Curtis Brown, the superintendent of the South Slave Divisional Education Council (SSDEC), has received a prestigious award for his more than 30 years of service in Nunavut and the NWT.
Brown was awarded the Polar Medal by Governor General Julie Payette in a ceremony in Ottawa on Sept. 12.
“It’s a real honour,” said Brown, in a telephone interview with The Hub after the ceremony.
“The North has been so good to me and my family,” he added. “And to be in the North for 30 some years and to be recognized in that way just gives you a little bit of the sense that hopefully I have given back to the amount I have benefitted by being in the North.”
Brown was cited for his efforts to improve education in Canada’s northern communities with alternative programming that has contributed to above-average student outcomes, such as the SSDEC’s award-winning Leadership 4 Literacy initiative.
Plus, he was recognized for his efforts to revitalize Indigenous languages.
“It’s something that I’ll cherish,” Brown said of the Polar Medal. “To be honest, it’s not going to motivate me any more than what I already am. And really what motivates me is the people I work with and the desire we have collectively to do the best that we can for our kids. I think that, because it’s coming a little later in my career, it’s very satisfying.”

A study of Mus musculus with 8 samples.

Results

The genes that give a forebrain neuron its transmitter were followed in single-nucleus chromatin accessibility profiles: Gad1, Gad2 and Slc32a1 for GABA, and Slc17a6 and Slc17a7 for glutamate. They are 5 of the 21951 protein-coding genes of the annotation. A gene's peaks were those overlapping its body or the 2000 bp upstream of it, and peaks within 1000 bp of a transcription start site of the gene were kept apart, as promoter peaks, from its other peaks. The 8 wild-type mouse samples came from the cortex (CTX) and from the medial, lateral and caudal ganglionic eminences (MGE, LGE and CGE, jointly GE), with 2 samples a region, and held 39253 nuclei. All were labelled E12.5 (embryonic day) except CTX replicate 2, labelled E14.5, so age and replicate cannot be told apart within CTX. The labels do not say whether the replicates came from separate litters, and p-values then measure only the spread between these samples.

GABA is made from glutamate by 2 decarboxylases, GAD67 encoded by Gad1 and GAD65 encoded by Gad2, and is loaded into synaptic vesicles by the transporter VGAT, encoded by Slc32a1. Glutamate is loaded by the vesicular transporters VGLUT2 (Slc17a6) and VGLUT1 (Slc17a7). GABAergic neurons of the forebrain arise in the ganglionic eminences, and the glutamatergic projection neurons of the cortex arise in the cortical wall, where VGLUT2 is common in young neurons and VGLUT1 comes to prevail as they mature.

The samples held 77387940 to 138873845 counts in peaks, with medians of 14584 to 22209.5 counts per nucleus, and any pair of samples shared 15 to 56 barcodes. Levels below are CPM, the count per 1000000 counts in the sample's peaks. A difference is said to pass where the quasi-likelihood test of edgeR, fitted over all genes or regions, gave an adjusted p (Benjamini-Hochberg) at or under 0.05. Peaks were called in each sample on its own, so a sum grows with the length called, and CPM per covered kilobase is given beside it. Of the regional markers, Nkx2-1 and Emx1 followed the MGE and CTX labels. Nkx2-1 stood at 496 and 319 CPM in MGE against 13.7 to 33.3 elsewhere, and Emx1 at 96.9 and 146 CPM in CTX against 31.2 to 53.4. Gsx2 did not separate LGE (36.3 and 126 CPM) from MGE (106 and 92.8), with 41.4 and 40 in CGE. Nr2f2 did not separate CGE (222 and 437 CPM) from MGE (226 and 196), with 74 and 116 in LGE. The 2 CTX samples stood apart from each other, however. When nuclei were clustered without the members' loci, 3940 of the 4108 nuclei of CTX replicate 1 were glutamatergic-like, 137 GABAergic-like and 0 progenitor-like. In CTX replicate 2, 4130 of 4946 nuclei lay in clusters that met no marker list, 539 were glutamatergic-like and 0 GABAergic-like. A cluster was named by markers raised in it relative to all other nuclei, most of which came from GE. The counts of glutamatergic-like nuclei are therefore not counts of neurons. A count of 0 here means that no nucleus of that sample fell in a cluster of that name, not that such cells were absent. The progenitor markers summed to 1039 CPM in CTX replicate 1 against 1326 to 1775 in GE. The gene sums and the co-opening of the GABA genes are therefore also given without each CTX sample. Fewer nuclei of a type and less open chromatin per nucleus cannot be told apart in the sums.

The 57-year-old, who is originally from British Columbia, came to the North 32 years ago.
At first, he worked in Cape Dorset, Nunavut, and was superintendent in the Keewatin region for three years prior to division.
Then he was recruited to Behchoko to set up Chief Jimmy Bruneau School.
Since 1999, he has been the superintendent with the SSDEC.
The Polar Medal recognizes those who have contributed to a greater understanding of Canada’s northern communities and their people. It also honours individuals who have made significant contributions to polar exploration and knowledge, scientific research, and Canada’s northern sovereignty.
Two others were also awarded the medal this year.
Susan Jennifer Chatwood of Yellowknife was recognized for her career dedicated to improving health services in remote northern communities. She is currently the scientific director of the Institute for Circumpolar Health Research, as well as an associate professor at the University of Alberta’s School of Public Health.
Paleolimnologist John P. Smol of Kingston, Ont., was honoured as one of the world’s foremost experts on environmental change. A Canada Research Chair and professor of biology and environmental studies at Queen’s University, Smol studies ancient lake deposits to ascertain how they have historically responded to patterns of global change and human impact. His research, which measures the effect of climatic change in the Canadian North, has led to policy changes and heightened public awareness.